NTU student in the running to develop green paper batteries to power daily electronics

SINGAPORE – One of the world’s first sustainable portable chargers could well come out of Singapore.

Nanyang Technological University (NTU) mechanical engineering student Carlo Charles, 21, is among innovators in the running to develop electronics powered by paper battery that could serve as a safe and sustainable alternative to lithium-ion batteries.

His work on paper batteries has received acclaim, winning the $70,000 grand prize in the Youth Action Challenge organised by the National Youth Council in February.

An avid inventor since childhood, the Singaporean is one of 40 innovators and start-ups recognised on Thursday at the launch of a new initiative by NTU to support entrepreneurs.

Concerns have grown over lithium-ion batteries, which are short in supply amid an electrical energy boom and which contribute to toxic waste.

While seen as a sustainable alternative, paper batteries generally have a lower energy efficiency compared to lithium-ion cells.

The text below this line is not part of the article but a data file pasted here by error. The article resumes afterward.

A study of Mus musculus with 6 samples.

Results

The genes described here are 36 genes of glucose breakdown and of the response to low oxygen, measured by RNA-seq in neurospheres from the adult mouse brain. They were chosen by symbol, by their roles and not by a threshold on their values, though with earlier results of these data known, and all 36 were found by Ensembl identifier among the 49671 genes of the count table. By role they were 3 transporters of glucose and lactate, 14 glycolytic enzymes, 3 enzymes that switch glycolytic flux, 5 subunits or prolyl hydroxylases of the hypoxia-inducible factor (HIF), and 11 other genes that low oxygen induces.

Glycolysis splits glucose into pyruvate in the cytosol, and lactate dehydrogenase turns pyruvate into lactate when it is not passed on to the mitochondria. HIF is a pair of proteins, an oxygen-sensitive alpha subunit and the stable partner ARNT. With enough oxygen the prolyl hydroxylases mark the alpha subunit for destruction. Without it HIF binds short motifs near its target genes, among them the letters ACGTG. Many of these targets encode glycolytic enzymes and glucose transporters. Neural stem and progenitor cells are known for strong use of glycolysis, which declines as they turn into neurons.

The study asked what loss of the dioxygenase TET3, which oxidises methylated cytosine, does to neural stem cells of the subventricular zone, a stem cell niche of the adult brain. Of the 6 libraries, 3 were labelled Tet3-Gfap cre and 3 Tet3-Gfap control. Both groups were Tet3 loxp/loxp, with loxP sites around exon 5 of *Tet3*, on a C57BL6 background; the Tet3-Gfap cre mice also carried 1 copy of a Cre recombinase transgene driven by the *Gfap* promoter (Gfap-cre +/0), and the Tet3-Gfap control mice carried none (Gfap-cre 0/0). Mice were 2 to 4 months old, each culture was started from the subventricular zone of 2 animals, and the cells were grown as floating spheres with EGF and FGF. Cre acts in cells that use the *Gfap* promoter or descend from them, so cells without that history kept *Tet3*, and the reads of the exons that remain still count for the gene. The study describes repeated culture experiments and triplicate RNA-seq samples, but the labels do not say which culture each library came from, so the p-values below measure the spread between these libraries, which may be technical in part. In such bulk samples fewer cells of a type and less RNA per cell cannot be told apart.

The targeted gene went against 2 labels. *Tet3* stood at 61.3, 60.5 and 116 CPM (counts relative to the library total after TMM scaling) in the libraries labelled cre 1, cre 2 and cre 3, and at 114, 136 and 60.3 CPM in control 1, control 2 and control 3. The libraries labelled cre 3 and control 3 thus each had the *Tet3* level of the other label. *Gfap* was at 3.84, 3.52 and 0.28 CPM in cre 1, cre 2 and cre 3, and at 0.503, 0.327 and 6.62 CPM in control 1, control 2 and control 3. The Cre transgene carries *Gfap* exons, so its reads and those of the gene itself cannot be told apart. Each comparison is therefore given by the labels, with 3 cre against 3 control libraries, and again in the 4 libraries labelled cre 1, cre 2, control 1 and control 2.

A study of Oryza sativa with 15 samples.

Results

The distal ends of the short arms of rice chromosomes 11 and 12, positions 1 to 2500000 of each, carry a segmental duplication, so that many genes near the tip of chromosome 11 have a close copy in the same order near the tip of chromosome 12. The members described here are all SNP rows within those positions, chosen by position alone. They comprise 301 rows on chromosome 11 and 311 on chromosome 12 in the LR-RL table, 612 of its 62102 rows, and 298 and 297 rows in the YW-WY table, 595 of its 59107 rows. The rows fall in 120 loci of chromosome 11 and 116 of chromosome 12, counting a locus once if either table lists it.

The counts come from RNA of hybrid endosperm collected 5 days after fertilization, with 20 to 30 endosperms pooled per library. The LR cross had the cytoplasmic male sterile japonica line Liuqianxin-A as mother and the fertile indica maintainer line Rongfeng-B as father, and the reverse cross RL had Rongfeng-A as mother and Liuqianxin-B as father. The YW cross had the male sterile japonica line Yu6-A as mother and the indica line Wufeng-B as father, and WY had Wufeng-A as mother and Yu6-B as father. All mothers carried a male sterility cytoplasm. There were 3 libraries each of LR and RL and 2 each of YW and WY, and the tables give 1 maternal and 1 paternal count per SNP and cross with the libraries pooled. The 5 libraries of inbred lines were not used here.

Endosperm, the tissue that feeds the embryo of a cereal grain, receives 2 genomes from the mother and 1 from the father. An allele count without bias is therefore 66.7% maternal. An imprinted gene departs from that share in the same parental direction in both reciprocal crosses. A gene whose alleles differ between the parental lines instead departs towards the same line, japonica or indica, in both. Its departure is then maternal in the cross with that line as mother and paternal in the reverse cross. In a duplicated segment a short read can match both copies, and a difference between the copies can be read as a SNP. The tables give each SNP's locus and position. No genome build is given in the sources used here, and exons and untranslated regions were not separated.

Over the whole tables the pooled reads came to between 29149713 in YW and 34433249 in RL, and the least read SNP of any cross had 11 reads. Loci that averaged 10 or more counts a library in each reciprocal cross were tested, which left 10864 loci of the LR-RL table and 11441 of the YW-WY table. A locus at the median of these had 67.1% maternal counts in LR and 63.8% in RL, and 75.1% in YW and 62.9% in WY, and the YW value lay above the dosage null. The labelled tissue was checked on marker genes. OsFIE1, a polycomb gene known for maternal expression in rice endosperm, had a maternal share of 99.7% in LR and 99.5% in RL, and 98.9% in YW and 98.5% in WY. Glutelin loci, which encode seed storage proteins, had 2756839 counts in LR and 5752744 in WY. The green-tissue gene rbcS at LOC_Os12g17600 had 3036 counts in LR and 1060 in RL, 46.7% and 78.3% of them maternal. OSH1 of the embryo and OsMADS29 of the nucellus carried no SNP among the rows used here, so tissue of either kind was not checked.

But work is underway to reduce the gap, said Mr Charles, who is in the midst of commercialising the paper battery. They also cost half as much to build as standard batteries, he added.

Unlike traditional batteries, paper batteries can be wrapped around objects instead of being fixed in a case, allowing manufacturers to get creative with its shape. They are also biodegradable, leak-proof and non-explosive, making them safer than standard batteries.

Researchers worldwide are racing to build paper batteries to reduce electronic waste. One of them is the Swiss Federal Laboratories for Materials Science and Technology, which is building a biodegradable paper battery.

The batteries used by Mr Charles are licensed from an NTU team that built biodegradable batteries in 2021, initially to power wearable devices. This battery is made by screen printing an ink layer of manganese on one side of a sheet of strengthened paper, and a layer of zinc and conductive carbon on the other.

Mr Charles, a second-year student, approached the scientists with a pitch to integrate the technology into his line of portable chargers he built in 2021 under his brand, Flint. The aim is to release a commercial product using paper batteries in the next few years and potentially other devices in the future.

Flint’s first line of wireless chargers, designed with two modular wireless charging slabs that can be stuck on a phone with magnets, was launched for crowdfunding on Indiegogo in 2021.